I Am The Master is an eclectic collection of six stories about arguably the Doctor's greatest enemy - certainly the one he has known the longest ...
What's less clear is which Master is featured in the tales ... some are obvious while others are seemingly interchangeable.
We kick off with Peter Anghelides' 'Anger Management'. The Master is being held prisoner by a biomechanoid called Loge in a device which traps the prisoner for seemingly years from their point of view, while only minutes pass for Loge. 'Slow Captivity' it's called, and I loved the conceit of it. Loge wants the Master to help with the rescue of three alien warlords ... but can he outwit his captor?
I think the Master here is the first incarnation (Delgado) and all the trappings are included: rubber face disguises, tissue compression eliminator ... It's well written and a good kick off for the book.
Next up is Mark Wright's 'The Dead Travel Fast' which pits a decayed and decrepit Master (so either Pratt or Beevers) against the author Bram Stoker, who is visiting Whitby on holiday ... There are lots of great allusions here to Stoker's novel Dracula and the whole piece is written through diary entries, again akin to the book. I enjoyed it a lot. Some great writing and description here.
Third is Jacqueline Rayner's 'Missy's Magical Mystery Mission'. Oh dear. I just couldn't get into this one and had to give up on it. The prose is simplistic and the story just not interesting. The characterisation of the Master, here in his/her 'Missy' persona (Gomez), is accurate to her television portrayal, but I found that hard to watch as well, being somewhat too eccentric and crazed for my liking. So if you liked Missy on television, then maybe you will get on with this story too.
'A Master of Disguise' is by Mike Tucker, and here we're introduced to a man, Moses, who makes all the Master's various rubber disguises. I'm not sure which Master this is though ... I'm tended towards the Delgado variant though as this seems to fit best with the story, though it could be the Ainley. It's nicely written and the ideas are good, with the Master even impersonating the Doctor at one point!
The next tale is unfortunately another disappointment. 'The Night Harvest' by Beverly Sanford is hard going. I think it's the Simm Master as the dialogue is wordy and the overall plot seems obtuse and hard to follow - the sort of crazed logic which this incarnation of the Master had in the TV show. I think my main issue, though, is that I don't really care about the other characters. Tala is the viewpoint character, and she's somewhat boring. Add to this lots of dialogue and the whole thing drags. Not top of the pile for me I'm afraid.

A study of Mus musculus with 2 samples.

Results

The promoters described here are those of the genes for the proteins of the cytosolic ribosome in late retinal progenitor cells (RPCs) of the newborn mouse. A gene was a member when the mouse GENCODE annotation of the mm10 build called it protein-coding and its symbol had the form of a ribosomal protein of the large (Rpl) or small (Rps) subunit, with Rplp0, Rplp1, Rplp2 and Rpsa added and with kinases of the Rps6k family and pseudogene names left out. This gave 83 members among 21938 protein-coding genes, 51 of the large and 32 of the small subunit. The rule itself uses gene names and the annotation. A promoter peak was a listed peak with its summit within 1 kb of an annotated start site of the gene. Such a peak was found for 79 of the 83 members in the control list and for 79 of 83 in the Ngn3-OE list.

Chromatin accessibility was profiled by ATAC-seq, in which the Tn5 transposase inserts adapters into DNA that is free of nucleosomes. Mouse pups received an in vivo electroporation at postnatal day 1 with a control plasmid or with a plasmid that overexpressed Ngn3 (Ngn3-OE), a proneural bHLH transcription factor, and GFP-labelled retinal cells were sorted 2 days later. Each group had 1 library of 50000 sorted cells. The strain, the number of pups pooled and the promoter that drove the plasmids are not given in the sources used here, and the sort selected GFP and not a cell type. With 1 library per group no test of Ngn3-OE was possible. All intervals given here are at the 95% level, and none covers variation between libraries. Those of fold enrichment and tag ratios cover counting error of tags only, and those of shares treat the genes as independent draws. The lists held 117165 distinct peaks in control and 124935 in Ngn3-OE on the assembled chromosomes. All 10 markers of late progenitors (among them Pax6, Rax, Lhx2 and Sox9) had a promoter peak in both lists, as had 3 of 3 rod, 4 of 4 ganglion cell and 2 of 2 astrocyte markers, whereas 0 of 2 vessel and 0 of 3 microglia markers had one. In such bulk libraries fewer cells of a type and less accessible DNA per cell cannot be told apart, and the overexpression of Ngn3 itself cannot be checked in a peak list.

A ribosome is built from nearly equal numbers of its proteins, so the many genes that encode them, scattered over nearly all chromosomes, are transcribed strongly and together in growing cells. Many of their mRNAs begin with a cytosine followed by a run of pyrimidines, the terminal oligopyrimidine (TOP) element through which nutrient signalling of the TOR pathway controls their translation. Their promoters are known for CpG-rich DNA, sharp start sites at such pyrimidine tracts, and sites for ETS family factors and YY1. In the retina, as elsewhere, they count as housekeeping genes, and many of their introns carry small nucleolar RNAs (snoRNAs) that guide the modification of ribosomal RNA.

The final story, 'The Master and Margarita' is the best in the book. Matthew Sweet takes as his background Tsar-ist Russia and this adds a great backdrop to the story of spawning mushrooms and alien infiltrators. The language is intelligent and authentic, and the Master himself - I think this is the most recent Dhawan version - is nicely characterised.
Overall this is a varied collection with a couple of disappointments, but the remaining stories are certainly worth the price of admission.
The Annual of olden days used to be an eclectic collection of original stories and artwork, comic stories and occasional 'factual' pages, all interspersed with quizzes, crosswords and other puzzles. But they were aimed at fans of all ages, so the stories were not 'dumbed down' and the writing was always entertaining, even if the stories were often about somewhat esoteric subjects which wouldn't be seen on the television variant.
Unfortunately Penguin, who now publish the book, decided to move completely away from original fiction, and now present a book each year full of photographs and features pretty much solely from the current or most recent series. Plus it's written for five or six year olds, with text so simple that it's almost painful for an adult to read. Likewise the quizzes and puzzles are hardly taxing ...
For this edition, then, they have decided to present 4 pages on each of the stories from last season, interspersed with 2 pages looking at other elements. There are 'fake' reviews of places the TARDIS has been from Graham, Mary Shelley (strangely with a Twitter handle of GothGirlMary1797) and the Judoon Pol-Kon-Don (the review is just 'Ko Fro Lo Bo' etc). Bits of the book are as though written by the Doctor (and read like some perky over-caffeinated junior school teacher telling her class what she did on her holidays). There's a few pages at the back dedicated to the overarching Time Lord Victorious project which are dull and of course this whole TLV project relies on people seeking out all the variant parts across multiple merchandise lines to get the complete story!
It's tricky to really be able to 'review' the Annual as it's a book which does not stand up to detailed scrutiny. It's purpose is a Christmas-stocking filler gift for kids, and as such it's a light and transient skim through television stories which the children might have seen earlier in the year.
This slightly older (but young at heart) fan, however, wishes there was more to challenge and entertain the younger reader. This year would have been perfect for some original fiction, some great artwork and some more in-depth factual glimpses behind the scenes. But that's unfortunately not where the publishers' or the BBC's head is at with the show. Such a shame.